Saturday, July 25, 2009

VisualVM remote application monitoring through SSH proxy

As many of you might already know Java VisualVM an all in one Java troubleshooting tool is available as a JDK tool in Sun JDK distributions starting from JDK 6 update 7 and Apple's Java for Mac OS X 10.5 Update 4. Also VisualVM a stand alone separately downloadable tool is also available at It's a visual tool enhances the capability of performance and monitoring analysis for Java SE platform for both production and development environments. You can find more detailed information in the VisualVM product site.

But our topic is how to make visualvm work through SSH Tunnel specifically in production systems where it's a normal practice to allow only SSH access on port 22 for the users or administrators, hence visualvm will not work with the default settings as it uses port 1099 to communicate to remote host via jstatd. For some reason, VisualVM doesn't seem to work through SSH Port Forwarding or SSH Proxy which seems to be a big blocker for many people which wish yo use this tool in this similar kind of setup.

The only way i came up so far to make the VisualVM work is to use to use a system proxifier like WideCap (Free) or ProxyCap (Shareware) and was able to connect to remotely a running java process over ssh proxy. Here are the steps detailing on how to configure ,

1) Download WideCap and install.
2)Open WideCap control panel and click on new proxy , provide hostname as localhost, port
8333, and select the socks version of your SSH that your client and server uses.

3)Add a new application and point to the location of java.exe and create new rule to get triggered when the java is started.

4) Enable WideCap.
5) run putty or any ssh client as SSH proxy daemon. (e.g) putty -D 8333 username@server or ssh -D 8333 user@host
6) Start VisualVM and add remote host and now you should be able to see the java process running on the remote server and you should be able to connect and monitor.

On a cautious note that widecap is not very consistent and it crashes outlook (at least for me ) and IE sometimes but on the other hand proxycap seem to work fine along with other standard windows applications without problems.

Also if you run into problems make sure all the instructions are followed in this link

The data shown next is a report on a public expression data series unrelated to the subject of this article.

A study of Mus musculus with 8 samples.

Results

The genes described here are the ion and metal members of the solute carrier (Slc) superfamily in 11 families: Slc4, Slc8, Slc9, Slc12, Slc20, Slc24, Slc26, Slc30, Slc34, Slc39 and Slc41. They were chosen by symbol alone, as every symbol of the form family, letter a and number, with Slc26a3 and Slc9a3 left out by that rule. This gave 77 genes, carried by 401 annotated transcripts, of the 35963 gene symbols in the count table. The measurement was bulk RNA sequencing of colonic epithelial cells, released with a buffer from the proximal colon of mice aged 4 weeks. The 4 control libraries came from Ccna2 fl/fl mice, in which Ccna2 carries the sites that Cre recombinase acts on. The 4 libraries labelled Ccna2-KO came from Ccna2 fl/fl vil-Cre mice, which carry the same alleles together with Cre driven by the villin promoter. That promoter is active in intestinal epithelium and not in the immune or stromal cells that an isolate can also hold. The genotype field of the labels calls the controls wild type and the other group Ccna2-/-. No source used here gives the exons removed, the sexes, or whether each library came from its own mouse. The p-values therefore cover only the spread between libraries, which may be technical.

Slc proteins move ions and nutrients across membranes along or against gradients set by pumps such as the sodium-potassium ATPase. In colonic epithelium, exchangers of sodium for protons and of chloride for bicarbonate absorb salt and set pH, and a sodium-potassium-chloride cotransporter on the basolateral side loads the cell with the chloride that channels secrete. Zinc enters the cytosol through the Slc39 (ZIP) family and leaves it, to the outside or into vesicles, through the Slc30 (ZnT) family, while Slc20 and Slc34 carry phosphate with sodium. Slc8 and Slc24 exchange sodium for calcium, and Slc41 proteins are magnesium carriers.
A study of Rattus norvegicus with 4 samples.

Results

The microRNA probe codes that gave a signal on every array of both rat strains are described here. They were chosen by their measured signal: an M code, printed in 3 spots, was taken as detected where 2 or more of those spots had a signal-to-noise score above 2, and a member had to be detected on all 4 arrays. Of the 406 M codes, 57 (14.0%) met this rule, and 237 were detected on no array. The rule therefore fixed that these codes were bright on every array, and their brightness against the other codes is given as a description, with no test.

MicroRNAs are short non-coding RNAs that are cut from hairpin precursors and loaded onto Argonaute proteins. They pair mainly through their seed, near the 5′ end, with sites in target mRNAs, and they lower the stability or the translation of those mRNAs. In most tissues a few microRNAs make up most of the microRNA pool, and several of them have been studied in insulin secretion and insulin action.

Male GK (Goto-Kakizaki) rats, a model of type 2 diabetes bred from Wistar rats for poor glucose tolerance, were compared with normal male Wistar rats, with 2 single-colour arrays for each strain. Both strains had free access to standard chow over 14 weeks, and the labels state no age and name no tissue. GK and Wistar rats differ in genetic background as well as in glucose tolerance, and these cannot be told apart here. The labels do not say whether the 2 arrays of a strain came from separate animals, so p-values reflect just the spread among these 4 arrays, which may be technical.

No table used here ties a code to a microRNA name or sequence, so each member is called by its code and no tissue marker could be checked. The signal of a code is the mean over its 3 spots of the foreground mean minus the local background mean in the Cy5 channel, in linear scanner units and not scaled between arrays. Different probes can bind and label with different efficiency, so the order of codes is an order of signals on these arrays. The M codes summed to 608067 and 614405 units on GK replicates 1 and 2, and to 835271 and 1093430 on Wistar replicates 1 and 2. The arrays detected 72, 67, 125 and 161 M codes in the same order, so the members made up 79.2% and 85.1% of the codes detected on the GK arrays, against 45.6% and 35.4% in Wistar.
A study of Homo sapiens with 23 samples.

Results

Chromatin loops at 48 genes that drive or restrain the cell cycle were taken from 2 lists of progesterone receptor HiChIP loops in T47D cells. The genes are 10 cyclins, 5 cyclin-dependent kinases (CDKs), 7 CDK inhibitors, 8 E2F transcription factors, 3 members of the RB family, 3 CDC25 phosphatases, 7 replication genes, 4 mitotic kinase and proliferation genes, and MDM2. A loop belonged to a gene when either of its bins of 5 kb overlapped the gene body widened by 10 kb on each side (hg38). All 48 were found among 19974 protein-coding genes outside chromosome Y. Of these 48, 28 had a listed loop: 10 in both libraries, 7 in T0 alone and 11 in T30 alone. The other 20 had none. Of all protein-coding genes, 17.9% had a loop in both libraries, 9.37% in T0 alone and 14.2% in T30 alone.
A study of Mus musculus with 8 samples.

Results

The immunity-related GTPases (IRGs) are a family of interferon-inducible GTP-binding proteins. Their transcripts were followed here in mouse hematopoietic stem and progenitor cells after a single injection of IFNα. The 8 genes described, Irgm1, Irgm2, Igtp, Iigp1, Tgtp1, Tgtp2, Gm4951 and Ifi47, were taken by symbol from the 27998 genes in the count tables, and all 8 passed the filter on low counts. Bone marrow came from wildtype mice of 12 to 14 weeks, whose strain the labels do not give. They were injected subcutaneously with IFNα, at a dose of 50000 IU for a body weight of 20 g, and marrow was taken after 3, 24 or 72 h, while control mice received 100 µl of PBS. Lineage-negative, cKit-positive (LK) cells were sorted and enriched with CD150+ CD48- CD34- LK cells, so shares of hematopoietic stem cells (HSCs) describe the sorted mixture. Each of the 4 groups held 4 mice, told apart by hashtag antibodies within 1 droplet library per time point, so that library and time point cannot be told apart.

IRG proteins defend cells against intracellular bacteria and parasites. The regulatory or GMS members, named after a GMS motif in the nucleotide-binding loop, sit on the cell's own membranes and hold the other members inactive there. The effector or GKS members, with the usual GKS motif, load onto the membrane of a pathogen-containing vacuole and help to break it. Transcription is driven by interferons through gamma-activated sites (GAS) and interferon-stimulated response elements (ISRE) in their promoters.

Robert Enyedi said...

I'm trying to use VisualVM for monitoring my Tomcat installation running on an Amazon EC2 instance because I would like to get rid of LambdaProbe. You are indeed right to say that there's no other useful info about this problem all over the net. Thanks for sharing this!

I followed closely all your instructions, but I don't see jstatd or any other process from my remote server inside VisualVM. jstatd is running fine on the server and I started it with this line:


The security policy contains the suggested config from

Also the path to java.exe is the right one.

I just hope that there's nothing related to the fact that I'm running Vista x64 (the author of WideCap says he didn't test it on).

Are you sure that you didn't to any additional configuration in WideCap besides what you described? Maybe something in New Rule#1?

By the way, the last link from your post is invalid (it should point to


Robert Enyedi said...

I found another problem with WideCap. When it's installed (even if not running), I cannot start Eclipse (3.4, 3.5) because I receive this message in .metadata/.log from the workspace:

org.eclipse.swt.SWTError: Cannot initialize Drop
at org.eclipse.swt.dnd.DND.error(

onewebclick said...

Make sure you start the jstatd with the user same as that of the java process that you would want to monitor. I haven't done any other configuration except the one i mentioned. i fpossible do some traccing on the SSH and see if the connections are coming, and btw thanks for letting me know about the broken link. Also try proxycap which seems to much better than widecap as i also ran into lot of problems with widecap.


I have used the JSocks proxy to access remote machines through socks4 and 5 (using both old AIX machines and new AS/400 machines to do so).

I have not tried yet with jvisualvm though, but this is a pure java solution, which might be nice for non-standard platforms.